By: Dividend Sensei
In part 1 of this series, I explained why UBS’ theory that stocks could go up another 9% in the next year isn’t just plausible, history says it’s actually likely.
However, just because stocks could go up significantly in the short-term doesn’t mean there aren’t smart and stupid ways to try to earn tasty profits.
There is one final fact that investors need to know about the smart way to profit from the greatest bear market recovery rally in US history.
A fact that will both help you maximize your short-term profits, as well as avoid some nasty short-term volatility and potentially catastrophic losses when the party inevitably comes to a halt.
UBS Is Correct About Interest Rates…But There Is An Important Catch
UBS talked about how the average equity risk premium has averaged 3.8% over the past five years.
Five years is not actually a statistically significant period of time in the stock market.
According to JPMorgan Asset Management, the 4th largest asset manager in the world, since 1995 just 45% of five-year returns are explained by fundamentals.
It takes 10+ years for 90% to 91% of returns to become a function of fundamentals.
But there is some good news for bulls hoping UBS is right.
According to Goldman Sachs, over the last 20 years, the equity risk premium has averaged 3.7%.
So what does that mean? That the equity risk premium is relatively stable over time, including the entire modern era that includes interest rates ranging from 0.5% to 6.5%, as well as the current low rate, debt-funded buyback, and Fed QE era.
So that settles it right? Time to plow all our money into the market and make some sweet sweet money right? Actually no. In part 1 I showed how the Congressional Budget Office backed up UBS’s expectation that 10-year yields, the proxy for long-term interest rates, would be at 0.9% through the end of 2021.
That’s the level of interest rates UBS says is required for the market to justify a forward PE of 22 and hit its 3,700 June 2021 target.
But take a look at what the CBO estimates will happen in 2022 and beyond.
- 10-year yields are expected to finish 2022 at 1.1%
- finish 2024 at 1.5%
- finish 2030 at 2.6%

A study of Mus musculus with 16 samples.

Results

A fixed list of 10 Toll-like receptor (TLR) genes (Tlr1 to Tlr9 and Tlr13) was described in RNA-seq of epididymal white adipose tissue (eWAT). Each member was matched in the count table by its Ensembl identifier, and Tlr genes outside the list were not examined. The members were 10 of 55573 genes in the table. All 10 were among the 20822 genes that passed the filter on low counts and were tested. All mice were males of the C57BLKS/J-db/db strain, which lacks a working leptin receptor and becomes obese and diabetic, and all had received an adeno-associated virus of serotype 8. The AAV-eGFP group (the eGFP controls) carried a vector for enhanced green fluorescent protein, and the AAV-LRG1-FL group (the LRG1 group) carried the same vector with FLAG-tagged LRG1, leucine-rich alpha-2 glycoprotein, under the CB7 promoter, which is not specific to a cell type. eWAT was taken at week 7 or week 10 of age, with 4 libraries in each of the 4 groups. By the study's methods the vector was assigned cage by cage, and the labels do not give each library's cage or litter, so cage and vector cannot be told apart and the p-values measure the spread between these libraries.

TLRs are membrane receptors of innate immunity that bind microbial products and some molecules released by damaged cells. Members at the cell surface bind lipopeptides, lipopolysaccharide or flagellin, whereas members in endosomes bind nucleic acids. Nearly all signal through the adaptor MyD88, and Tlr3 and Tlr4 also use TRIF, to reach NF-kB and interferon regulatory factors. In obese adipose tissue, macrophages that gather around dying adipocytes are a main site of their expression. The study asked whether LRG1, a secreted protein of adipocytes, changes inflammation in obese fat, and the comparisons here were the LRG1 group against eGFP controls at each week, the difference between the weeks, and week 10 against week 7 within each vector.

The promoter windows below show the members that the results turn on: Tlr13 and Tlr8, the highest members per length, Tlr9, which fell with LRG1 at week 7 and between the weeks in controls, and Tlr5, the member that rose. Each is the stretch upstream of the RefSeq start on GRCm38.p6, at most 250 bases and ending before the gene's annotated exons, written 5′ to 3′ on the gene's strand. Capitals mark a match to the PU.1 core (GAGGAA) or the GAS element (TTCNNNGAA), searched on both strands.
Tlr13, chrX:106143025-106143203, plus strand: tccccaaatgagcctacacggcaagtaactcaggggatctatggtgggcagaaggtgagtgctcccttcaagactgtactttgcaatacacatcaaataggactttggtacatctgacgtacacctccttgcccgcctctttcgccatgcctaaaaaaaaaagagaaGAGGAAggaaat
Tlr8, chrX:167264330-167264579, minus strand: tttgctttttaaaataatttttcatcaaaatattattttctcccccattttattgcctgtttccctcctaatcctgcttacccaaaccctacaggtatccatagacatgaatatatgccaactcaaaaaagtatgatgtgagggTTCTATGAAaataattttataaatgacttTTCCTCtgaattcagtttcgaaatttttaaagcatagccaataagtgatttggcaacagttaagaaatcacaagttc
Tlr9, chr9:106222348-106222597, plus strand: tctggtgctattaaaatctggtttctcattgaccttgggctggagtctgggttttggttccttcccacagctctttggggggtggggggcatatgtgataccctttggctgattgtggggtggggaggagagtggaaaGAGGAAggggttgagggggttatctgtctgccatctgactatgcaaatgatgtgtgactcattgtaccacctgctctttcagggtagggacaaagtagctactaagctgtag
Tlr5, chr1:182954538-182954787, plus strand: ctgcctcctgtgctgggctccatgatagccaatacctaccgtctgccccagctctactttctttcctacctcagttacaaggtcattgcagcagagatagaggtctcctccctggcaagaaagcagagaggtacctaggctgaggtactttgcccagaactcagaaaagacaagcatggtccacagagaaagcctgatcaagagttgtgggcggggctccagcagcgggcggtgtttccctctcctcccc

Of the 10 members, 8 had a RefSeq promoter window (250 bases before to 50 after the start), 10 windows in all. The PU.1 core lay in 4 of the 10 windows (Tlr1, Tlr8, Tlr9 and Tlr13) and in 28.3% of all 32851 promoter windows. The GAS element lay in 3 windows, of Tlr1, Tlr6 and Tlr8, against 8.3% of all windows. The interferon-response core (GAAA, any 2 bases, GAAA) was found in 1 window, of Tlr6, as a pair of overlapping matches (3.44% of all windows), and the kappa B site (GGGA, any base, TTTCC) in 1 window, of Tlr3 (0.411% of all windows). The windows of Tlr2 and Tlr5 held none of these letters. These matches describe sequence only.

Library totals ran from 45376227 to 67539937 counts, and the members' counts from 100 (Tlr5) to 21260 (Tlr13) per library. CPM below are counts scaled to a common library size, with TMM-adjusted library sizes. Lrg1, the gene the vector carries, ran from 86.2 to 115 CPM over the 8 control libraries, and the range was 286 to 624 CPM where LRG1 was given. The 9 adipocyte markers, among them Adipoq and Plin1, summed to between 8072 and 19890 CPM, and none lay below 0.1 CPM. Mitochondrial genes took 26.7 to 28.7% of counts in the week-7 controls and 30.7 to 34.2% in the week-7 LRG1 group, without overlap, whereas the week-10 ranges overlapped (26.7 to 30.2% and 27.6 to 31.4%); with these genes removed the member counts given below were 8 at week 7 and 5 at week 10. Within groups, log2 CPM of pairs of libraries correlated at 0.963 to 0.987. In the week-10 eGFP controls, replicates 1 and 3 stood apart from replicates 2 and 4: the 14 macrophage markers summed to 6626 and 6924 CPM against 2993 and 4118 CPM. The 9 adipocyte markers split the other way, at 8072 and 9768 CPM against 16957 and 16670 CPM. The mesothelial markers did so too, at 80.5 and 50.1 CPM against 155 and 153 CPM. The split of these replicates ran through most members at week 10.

In other words, the CBO estimates long-term rates will rise by about 2% once the economy recovers.
Moody’s has its own estimates of long-term average 10-year yields, and those are 1.75% to 2.25% or basically an average of 2.0%, a 1.5% increase.
The blue-chip consensus among economists, meaning the 16 most accurate out of the 45 tracked by MarketWatch, is for 10-year yields to eventually return to 2.0% to 2.6% as well.
So what does that mean for long-term PE ratios for stocks?
|10-Year Treasury Yield||Historical Fair Value Earnings Yield (3.7% Risk Premium)||Interest Rate Adjusted Fair Value Forward PE||Historical Overvaluation||Market Decline If 10-Year Yield Rises To 2.6%|
That the market’s historical fair value range of 16.5 to 17.5 is where the best economists in the world, expect the market to eventually return.
Does that mean a huge market crash is coming soon? Nope.
It does mean that volatility risk is very high right now and that any one of the numerous risk factors facing us could trigger a historically normal, and healthy correction.
More importantly, it means that over the next 10 years, stocks are likely to see the current 23.6 forward PE (43% historically overvalued) contract by a significant amount.
- the current yield on the S&P 500: 1.74%
- the long-term consensus growth rate (adjusting for the historical probability of recessions): 6.4% CAGR
- valuation drag from PE mean reversion: -3.6% CAGR
- 10-year total return potential: 4.5% CAGR
- probability-weighted 10-year expected return: 3.4% CAGR
Stocks aren’t likely to suffer another lost decade…unless this decade is bookended by two bear markets like the 2000s were.
Rather stocks are likely to merely deliver highly disappointing but perfectly reasonable returns for anyone who understands how the market really works over the truly long-term.
This is the downside of a red hot, TINA/FOMO driven rally.
The bigger downside, from the perspective of most investors, is that stocks never move in a straight line. Buying today doesn’t mean that stocks will just float higher by 3.4% CAGR and end up at fair value in 2030.
Rather the market always trends higher interrupted by periods of intense and frightening (to most people) volatility.
(Source: Advisor Perspectives)
Fortunately, there is a way to not just profit from the great bear market recovery rally in history, but avoid losing your shirt when the party invariably stops, and the bears once more run rampant on Wall Street.